The Difference Between The Old Port & Old Montreal
Setting the record straight.
To call it Old Port, or Old Montreal, that is the question.
Sorry to pull a Shakespearian cliche (English Lit student habits die hard) but the question has some real merit. All too often do we hear the terms "Old Montreal" and "Old Port" used almost interchangeably, creating a lot of confusion on which should be used when.
We're perpetrators of this geographic-designation-confusion ourselves, often times referring to the entire area south of Notre-Dame as the Old Port, even though that isn't quite the case. And we aren't alone, with many Montrealers (and especially tourists) doing the exact same thing.
Unfortunately, a lot online resources don't really answer the question.
The City of Montreal website doesn't say much of anything about a formal distinction between the two, as "Vieux-Montréal et Vieux-Port" are roped in together within the larger Ville-Marie borough page.
Nothing on the website lists out any geographical boundaries, either. But given that Old Montreal isn't a borough unto itself, this is expected, but still makes things kind of complicated.
Further blurring the lines between the two areas is the STM's 715 bus route, titled "Vieux-Montréal/Vieux-Port." This particular bus goes up Peel, along Wellington and de la Commune, and up Berri all the way to the metro station. Again, not very helpful.
Adding to the confusion is the fact that neither really used to be bear the "old" descriptor. Old Montreal itself only became a Heritage Site in 1964. Well before, during the city's infancy (but after being called "Ville-Marie"), Old Montreal was just "Montreal."
The Old Port wasn't called as such back then either. And if we're going to be historical about everything, it's worth noting that the banks of the Saint Lawrence actually used to be farther inland, specifically at about where Pointe-à-Callière Museum stands.
So should we be using the boundaries of yore or follow a modern outline? The latter would be a lot easier if there was an official designation listed out somewhere, though that isn't as easily reachable as it should be.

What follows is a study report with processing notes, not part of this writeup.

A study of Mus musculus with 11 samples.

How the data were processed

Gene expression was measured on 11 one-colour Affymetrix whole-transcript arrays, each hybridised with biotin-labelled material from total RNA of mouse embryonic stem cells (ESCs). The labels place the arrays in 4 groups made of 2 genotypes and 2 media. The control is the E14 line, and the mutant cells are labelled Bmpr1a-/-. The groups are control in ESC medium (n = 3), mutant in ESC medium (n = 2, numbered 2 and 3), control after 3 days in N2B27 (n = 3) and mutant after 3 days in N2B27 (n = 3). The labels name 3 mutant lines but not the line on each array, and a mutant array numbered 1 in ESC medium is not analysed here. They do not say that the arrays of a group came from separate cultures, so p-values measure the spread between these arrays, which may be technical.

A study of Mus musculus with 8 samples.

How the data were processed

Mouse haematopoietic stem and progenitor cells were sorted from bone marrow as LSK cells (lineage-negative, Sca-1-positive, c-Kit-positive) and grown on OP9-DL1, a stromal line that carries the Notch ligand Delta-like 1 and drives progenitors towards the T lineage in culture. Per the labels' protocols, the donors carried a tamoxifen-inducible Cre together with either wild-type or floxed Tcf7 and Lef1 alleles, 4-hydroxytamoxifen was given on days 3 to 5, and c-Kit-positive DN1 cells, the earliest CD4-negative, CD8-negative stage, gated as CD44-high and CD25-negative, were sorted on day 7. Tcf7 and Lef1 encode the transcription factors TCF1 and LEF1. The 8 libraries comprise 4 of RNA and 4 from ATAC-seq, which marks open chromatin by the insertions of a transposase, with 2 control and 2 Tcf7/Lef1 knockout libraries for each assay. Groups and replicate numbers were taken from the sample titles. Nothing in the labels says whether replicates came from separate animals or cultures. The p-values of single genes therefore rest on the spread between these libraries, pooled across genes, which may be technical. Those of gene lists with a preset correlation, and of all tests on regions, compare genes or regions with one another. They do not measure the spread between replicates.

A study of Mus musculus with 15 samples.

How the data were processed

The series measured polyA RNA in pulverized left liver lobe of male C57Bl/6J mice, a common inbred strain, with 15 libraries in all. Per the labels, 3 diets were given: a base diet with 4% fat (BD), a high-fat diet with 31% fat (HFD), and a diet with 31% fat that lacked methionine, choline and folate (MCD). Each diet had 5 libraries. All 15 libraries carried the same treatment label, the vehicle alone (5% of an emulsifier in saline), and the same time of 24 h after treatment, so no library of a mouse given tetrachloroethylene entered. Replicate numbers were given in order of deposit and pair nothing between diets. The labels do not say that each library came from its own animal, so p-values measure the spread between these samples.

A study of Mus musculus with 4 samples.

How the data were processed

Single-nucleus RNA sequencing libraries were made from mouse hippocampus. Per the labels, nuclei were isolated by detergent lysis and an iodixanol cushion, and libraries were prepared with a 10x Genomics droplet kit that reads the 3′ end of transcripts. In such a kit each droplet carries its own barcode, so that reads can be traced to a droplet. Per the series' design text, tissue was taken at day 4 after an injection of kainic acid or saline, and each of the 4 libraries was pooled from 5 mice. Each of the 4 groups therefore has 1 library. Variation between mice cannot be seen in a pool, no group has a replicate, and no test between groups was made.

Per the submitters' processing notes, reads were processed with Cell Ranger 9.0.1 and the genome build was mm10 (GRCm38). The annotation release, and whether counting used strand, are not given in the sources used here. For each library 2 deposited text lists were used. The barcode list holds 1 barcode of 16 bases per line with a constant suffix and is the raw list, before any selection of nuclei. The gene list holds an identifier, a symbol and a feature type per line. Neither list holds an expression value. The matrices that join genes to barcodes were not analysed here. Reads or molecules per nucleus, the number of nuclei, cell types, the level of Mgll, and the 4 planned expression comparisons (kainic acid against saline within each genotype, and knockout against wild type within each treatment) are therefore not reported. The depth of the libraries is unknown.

Now, some of you reading probably think this is a moot point. Anyone familiar with city (or can read a Wikipedia page) knows that everything below Sainte Antoine between rue des Soeurs Grises and St. Hubert is Old Montreal, and the Old Port is the along de la Commune. You know, where the actual port is, right?
Well, you're almost right.
After getting in touch with representatives from both Old Montreal and the Old Port, we were able to get some official answers on the geographical distinctions between the two.
Let's start with Old Montreal. Saint-Antoine serves as the northern-most border of Old Montreal, with Saint Hubert and rue Duke enclosing the area on the east and west.
Rue de la Commune is the southern border of Old Montreal, contrary to what many believe, as the street is often cited as Old Port territory.
So if not rue de la Commune, what serves as the border between the Old Port and Old Montreal?
Officially, it's the train tracks.
Yup, according to both representatives, everything from the train tracks to the water is the Old Port, and above is Old Montreal. The handy image provided by the SDC Vieux-Montréal below gives a better visual representation of what's considered Old Montreal, for those wondering.
Now you can finally stop scratching your heads in wondering what the difference between Old Montreal and Old Port. And, of course, school anyone who happens to make the mistake in front of you.